Gasping for air, you break the surface and glimpse your capsized canoe disappearing around the river bend. Dragging yourself out of the icy water and onto the shore with numb hands, you fumble the small watertight capsule out of your pocket and rattle around for your only hope of making fire: matches. All of the wood, however, appears soaked from hours of rain and the temperature is dropping swiftly.
Knowing what to do next could save your life.
Fire requires three ingredients to burn: fuel, oxygen and heat. Once you understand these essentials, fire will only ever be a matter of “when” and “where,” not “if.”
Finding fuel that isn’t soaked through can be tricky. Begin by searching around the base of trees and bushes; rain will take much longer to penetrate these areas and allow you a respite from the downpour. If you come up empty-handed, continue your search under and around fallen timbers, boulders and other naturally protected areas. As rivers cut away tall outside banks they can create small recesses under the apparent shoreline where driftwood can get washed up and dry out. You’ll want your kindling to be as small as possible with LOTS of it on hand; as you go along, stuff if it into your jacket to keep it dry and free up your hands. If tinder (dry kindling) is unavailable, look for any spongy lichens growing on trees (often called “old man’s beard”), paper birch bark, dry grasses or anything that is papery-feeling and dry. These fire starters catch easily and burn fast. Avoid breaking branches or peeling bark from live trees unless you find yourself in a survival situation. Don’t bother gathering any wood much larger than your thumb unless it’s bone dry.
Oxygen is just as important as fuel: Without it, your fire won’t even start. Pick a spot to build your fire that allows for plenty of air flow around its base, i.e. not in a hole. This will allow oxygen to draft in for combustion to occur. Don’t smother the flames by throwing all of your collected fuel on at once: This blocks oxygen flow and may even extinguish the fire (along with your mood). Instead, add sticks one at a time by propping them up on other already burning wood and allowing them to catch fire before adding another.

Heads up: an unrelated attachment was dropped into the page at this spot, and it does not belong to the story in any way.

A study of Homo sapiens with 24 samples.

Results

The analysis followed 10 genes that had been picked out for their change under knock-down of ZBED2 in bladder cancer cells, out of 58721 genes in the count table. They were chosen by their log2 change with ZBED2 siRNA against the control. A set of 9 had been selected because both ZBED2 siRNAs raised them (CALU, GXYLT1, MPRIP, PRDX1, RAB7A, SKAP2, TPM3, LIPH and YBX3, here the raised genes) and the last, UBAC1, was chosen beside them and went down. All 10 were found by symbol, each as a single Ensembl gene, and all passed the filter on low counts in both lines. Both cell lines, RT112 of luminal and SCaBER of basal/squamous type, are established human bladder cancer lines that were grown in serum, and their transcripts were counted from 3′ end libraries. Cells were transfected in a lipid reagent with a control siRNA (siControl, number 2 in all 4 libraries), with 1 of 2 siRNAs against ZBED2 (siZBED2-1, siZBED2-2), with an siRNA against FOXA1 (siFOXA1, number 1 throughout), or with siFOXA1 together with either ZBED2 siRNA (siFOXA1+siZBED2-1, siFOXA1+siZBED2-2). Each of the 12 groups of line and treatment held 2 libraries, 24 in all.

Fire puts off large amounts of heat; this can dry out clothes, fend off hypothermia and keep you alive. If a fire is allowed to lose too much heat it won’t stay lit. Elements that pull heat from your growing fire are rain and wind. To avoid heat loss, pick a spot that is dry, sheltered from above and out of the wind. If you can’t find any protection, build a wind barrier with stones and use your torso as a shield from the rain while you build and start your fire. Once the flames get big enough, the fire will continue to burn even with moderate to heavy rainfall and gusting winds.
Preparation is crucial to achieving success when building a fire in wet conditions. After finding a dry and windless spot, start by creating a small nest of twigs with dry papery bark or old man’s beard at the center. Always leave a space that allows you to easily light the papery material at the center with a match. Organize your fuel into multiple piles by size and ensure they are within reach. Strike your match and slowly move it into the center of your nest of twigs allowing the flames to spread. At this point your fire is very delicate and easily extinguished. If the twigs are having trouble catching, gently breathe on the fire to feed it more oxygen; do not blow on the flames, this will almost certainly put it out. As the fire grows, continue to feed it more twigs and gradually progress to larger sticks. Logs require lots of heat to burn and if added too soon can smoother even a moderately sized fire. Once you have a sustained bed of coals ablaze you can add larger pieces of wood that will burn more slowly. Once the fire is steadily burning you will have time to gather more fuel, heat up food or just enjoy the warmth.